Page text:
And then I took that total number of inches, divided it by 2, found the center of the wall and working from the center to the left side, made my starting mark for horizontal positioning. I then measured up from the floor and made by starting mark for vertical positioning. So I essentially established the top-left corner of the exhibition as a starting place for the hanging of the work. Once we had accomplished this, I went over the adhesive we were going to use, which is a padded Permanent Double Stick Adhesive-- Permanent and adhesives is a relative term-- and I knew from experimentation that this provided a strong enough bond to support the weight of the work.
Particularly some of the work on alternative media that had quite a bit of weight to them, but I knew we could stick it to the vinyl, it would adhere well, but it was also possible to remove it without damaging the vinyl. It comes in rolls with a backing tape on one side, and I had the students tear it in the specific length and on the smaller pieces just put one piece, stretched horizontally at each corner. On the larger pieces, I had them--the students-- put one piece at each corner as well as another piece in the top-center to help support the additional weight of the bigger pieces.
So, once we had established our starting point both horizontally and vertically, I got up on the ladder and used a laser level. Because of the nature of this wall, it's a very tall wall, there was no active measure to the ceiling and the floor is uneven, so I couldn't use it as a reference point. So, the laser was really a key in allowing me to lay this out precisely. One of the things that I have gained over all the years of doing this is an ability to very precisely place things by my eye. I can generally get within a 16th of an inch of accuracy just by eyeballing things.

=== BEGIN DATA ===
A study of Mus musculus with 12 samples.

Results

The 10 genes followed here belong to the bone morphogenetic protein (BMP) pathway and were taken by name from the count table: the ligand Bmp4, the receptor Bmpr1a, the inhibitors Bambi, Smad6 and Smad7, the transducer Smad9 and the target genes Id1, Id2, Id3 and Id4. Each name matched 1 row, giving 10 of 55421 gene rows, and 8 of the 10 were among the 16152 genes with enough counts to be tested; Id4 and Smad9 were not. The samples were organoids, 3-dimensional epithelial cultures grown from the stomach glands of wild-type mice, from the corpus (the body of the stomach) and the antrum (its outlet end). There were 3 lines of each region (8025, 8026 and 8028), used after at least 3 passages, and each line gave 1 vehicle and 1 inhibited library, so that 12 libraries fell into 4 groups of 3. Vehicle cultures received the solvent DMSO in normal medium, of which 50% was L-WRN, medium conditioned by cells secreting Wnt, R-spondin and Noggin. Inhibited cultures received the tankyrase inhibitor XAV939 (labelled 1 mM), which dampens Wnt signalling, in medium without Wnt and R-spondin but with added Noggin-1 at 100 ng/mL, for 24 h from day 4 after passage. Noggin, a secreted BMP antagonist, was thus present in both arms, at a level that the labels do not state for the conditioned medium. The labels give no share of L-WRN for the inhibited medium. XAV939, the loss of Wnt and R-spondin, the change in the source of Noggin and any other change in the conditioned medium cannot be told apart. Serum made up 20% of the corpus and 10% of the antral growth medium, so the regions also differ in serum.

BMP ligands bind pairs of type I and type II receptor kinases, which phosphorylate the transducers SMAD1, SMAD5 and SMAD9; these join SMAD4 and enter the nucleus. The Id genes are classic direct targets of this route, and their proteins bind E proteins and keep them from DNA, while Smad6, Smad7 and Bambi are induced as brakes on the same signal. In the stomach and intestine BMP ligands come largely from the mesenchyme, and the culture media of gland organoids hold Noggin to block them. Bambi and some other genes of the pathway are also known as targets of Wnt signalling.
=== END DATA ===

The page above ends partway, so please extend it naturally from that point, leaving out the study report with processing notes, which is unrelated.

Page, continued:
So as you'll see, as I go down here, I use a measuring device sometimes to establish distances, especially in the placement of the larger images, but a lot of the smaller ones, you'll see me put in position without measuring at all. So finally, we worked our way down the wall, the last few pieces were hung, and the students were able to stand back and for the first time see this assemblage of work in a coherent whole, elevated to a great level by all their hard work and our attention to detail, and presented in a manner and in a scale that I don't think any of them had really experienced before.
I know visitors and parents alike are always stunned by the professional quality of the photography exhibition. I think the matting helps that in some ways, but really, my goal with the matting and the hanging of the show is to really direct the viewers' attention, the quality of the work that these astonishing students have created in the two short weeks we have with them. One of the other real joys as an instructor is it's often this point in time that we get to meet the parents of the students for the first time. And it's something we're always grateful for, an opportunity to talk about the promise and the challenges of a life in the arts, and also about the individual gifts and abilities of the students that they have so graciously put into our care for the two weeks.
The responses I have had from parents over the years have been truly astonishing, and it's also been really delightful to see the success that several of our graduates have gone on to achieve particularly in photography. I have several former students that are working successful professionals in the field.